The village flourished around the mid-20th century, though there are indications of the existence of a community in the area since the Middle Ages. The Venetian bridges that surround the village indicate that it was a hub of activity during the 16th century, while some attribute even its name to that of a Frankish nobleman.



3. According to one version, the name ‘Fini’ is connected to the surname of a Frankish feudal lord, Juan de Feniou or Finiou.


Just before entering the village, there is a viewpoint that acts as a sort of balcony where visitors can enjoy a panoramic view of the valley of the Diarizos river, from Fini all the way to Paphos.


On the way down the road towards Fini, you will come across the fountain of Pellomarou (Crazy Marou). The woman who once lived there was thought to be crazy, and that’s how the fountain got its name.


In the square where the village coffee shops and Youth Center are located, there stands a monument dedicated to the 2 fallen warriors of the EOKA Struggle of 1955-59.


At the northern end of the village, near the road that leads to the waterfall, there is a fenced park surrounded by flowers, that also houses a playground.


The waterfall is located in the Chantara area, north of the village, and can be reached via an accessible dirt road. Water from the falls gushes from volcanic rocks approximately 8 meters high. Moss, ivy, plane trees, oak trees and aromatic shrubs make up the enchanting setting of this location. Diplochantaro is located right above the main waterfall, and its water flows on 3 different levels.


The Hantara Waterfall and the Trooditissa Monastery are connected via a route that passes through a dense forest and follows a path to the left of the Diarizos River. It covers a total distance of 4.5 kilometers, with a relatively small degree of difficulty.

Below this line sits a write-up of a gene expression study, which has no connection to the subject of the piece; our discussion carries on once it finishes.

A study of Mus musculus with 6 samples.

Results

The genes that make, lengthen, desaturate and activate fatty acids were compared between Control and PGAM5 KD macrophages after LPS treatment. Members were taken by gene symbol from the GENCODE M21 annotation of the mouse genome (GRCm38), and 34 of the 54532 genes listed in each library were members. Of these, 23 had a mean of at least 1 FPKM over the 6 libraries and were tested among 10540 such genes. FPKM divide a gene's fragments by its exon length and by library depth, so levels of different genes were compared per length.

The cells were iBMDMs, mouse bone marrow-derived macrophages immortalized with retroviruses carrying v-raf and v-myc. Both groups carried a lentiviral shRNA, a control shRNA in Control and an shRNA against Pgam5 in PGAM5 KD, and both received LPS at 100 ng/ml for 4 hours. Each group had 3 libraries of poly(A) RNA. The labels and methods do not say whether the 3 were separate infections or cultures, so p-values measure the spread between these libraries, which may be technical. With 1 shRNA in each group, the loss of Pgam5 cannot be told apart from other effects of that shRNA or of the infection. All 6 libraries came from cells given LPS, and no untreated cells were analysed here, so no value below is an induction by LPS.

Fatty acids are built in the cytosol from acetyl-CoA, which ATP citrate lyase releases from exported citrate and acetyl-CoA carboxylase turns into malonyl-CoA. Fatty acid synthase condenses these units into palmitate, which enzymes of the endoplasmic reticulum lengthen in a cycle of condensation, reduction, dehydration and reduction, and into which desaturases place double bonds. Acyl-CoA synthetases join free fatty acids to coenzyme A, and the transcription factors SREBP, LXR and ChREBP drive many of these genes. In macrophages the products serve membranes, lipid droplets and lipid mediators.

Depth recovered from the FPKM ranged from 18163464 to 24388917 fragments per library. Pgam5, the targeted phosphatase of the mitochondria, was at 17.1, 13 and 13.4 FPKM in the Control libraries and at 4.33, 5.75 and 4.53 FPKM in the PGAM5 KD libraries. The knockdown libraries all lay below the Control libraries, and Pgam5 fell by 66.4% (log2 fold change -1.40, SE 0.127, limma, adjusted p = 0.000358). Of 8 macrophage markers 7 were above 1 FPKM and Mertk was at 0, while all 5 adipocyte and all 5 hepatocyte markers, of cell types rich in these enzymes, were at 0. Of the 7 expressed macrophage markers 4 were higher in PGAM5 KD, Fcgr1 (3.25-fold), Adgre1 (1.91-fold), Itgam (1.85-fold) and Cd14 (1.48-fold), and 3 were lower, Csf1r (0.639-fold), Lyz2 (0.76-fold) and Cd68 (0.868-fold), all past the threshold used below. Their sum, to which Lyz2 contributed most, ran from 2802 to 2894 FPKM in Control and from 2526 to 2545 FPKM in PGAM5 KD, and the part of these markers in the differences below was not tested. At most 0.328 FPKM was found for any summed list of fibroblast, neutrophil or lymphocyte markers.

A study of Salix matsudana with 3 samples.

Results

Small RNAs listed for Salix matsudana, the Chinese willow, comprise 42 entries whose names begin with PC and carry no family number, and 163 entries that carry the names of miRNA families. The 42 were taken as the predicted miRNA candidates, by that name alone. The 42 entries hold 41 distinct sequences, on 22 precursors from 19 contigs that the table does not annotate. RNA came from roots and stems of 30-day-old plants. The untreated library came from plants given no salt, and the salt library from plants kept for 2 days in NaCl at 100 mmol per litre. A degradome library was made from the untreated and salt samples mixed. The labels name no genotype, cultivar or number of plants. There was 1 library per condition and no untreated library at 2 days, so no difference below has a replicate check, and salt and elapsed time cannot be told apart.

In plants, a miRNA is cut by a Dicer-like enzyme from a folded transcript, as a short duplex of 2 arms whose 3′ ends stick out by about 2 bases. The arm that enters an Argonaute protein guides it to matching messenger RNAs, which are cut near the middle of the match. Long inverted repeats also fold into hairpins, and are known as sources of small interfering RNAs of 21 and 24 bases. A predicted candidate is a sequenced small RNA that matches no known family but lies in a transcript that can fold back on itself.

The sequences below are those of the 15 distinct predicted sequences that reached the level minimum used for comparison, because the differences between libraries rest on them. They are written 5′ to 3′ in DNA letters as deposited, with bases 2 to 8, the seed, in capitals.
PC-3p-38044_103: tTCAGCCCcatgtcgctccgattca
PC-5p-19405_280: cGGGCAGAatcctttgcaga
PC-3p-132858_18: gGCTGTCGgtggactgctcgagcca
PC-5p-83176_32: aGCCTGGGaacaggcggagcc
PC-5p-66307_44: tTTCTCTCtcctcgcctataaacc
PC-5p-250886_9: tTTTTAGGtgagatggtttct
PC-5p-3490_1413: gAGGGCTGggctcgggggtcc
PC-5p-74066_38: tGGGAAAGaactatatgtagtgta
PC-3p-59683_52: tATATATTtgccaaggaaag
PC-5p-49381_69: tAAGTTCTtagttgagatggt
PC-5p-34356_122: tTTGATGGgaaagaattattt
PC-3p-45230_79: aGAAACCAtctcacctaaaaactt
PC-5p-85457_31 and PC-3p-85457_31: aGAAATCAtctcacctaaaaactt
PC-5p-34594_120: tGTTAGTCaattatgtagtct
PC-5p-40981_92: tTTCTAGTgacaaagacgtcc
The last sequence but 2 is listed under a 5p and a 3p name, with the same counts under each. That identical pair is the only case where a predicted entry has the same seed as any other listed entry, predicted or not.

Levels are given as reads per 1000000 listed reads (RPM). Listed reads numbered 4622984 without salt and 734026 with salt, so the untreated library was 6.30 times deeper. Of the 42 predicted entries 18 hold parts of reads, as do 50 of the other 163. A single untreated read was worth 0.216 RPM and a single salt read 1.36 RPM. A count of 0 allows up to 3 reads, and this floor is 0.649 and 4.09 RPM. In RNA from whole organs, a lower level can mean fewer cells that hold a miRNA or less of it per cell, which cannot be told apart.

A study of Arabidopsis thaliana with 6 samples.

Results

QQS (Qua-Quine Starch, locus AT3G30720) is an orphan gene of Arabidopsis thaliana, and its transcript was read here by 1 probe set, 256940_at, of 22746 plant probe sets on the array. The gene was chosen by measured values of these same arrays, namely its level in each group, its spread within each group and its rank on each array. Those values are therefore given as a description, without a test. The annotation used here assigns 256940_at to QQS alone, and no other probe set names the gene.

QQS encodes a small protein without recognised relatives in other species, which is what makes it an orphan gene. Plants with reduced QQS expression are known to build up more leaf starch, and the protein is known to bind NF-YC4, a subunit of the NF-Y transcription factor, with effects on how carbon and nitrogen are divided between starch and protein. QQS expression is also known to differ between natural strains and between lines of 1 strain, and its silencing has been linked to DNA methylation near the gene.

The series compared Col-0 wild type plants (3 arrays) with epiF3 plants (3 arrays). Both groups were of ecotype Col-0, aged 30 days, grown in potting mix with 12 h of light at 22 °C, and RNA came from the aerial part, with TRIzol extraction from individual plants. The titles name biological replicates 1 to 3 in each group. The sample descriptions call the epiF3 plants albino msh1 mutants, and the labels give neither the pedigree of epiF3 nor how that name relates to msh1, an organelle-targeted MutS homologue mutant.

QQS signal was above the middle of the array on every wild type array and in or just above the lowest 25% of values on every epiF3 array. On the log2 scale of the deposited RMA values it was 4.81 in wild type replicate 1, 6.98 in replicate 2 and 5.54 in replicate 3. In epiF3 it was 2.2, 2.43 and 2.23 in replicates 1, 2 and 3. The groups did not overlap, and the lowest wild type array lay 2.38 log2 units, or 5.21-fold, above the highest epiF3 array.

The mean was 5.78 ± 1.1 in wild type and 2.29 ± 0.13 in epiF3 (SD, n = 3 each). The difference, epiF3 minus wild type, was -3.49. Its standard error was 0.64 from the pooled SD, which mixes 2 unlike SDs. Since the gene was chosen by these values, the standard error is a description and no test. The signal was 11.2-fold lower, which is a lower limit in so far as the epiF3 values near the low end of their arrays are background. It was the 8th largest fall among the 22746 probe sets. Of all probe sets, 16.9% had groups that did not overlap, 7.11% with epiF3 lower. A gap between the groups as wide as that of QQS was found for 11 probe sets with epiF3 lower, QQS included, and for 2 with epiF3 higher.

Trooditissa picnic site is located on the way to the homonymous monastery and is one of the largest and most beautiful picnic sites one may find in the mountainous region of Limassol, as well as in Cyprus overall.


“Gefyri tis Elias” (Olive Bridge): The ‘Gefyri tis Elias’ is located above the Fini river, which itself is a tributary of the Diarizos river. It is the farthest from the village, situated at the border with the Kaminaria community. Due to its pointed arch, it resembles a miniature version of the Tzelefos bridge.






Agia Marina Chapel: A recent chapel, built next to an ancient sanctuary, where locals would always celebrate Saint Marina.


Agios Georgios Chapel: A small chapel on a quiet, deserted slope, built between 2001-2002.


On the bank of Diarizos river there is a trout fish farm operating for decades, which provides fresh fish daily to the surrounding area and Cyprus overall. Those who visit Fini may have a taste of them in the taverns of the village.



Finiotiko Loukoumi (Fini Delight): The art of making the Fini loukoumi was introduced by Phylactis Pilavakis who brought it over from Egypt. To this day, the sweet is made using the same recipe, with a base of sugar and corn flour, traditionally flavored with rose and bergamot. Ourania Pilavaki has carried on the art, making fresh loukoumi daily.

Kaikanas: This special type of loukoumas (fried dough) made with eggs and milk that is accompanied by grape must syrup, is one of the more unique traditional flavors of Fini. It was often offered to the laborers who would help with the harvesting of the grapes.


Easter Monday: Traditional festivities with food and drink in the church of Agioi Anargyroi.

Traditional Art Workshops: Every October in the central square of the village.


In Fini one can enjoy traditional flavors. At Fini Tavern, you can sample meze dishes and fresh trout against beautiful views, while the restaurant ‘Neraida’ is known for its ‘tava’ dish. At the Youth Center, visitors can enjoy a coffee accompanied by a Fini loukoumi.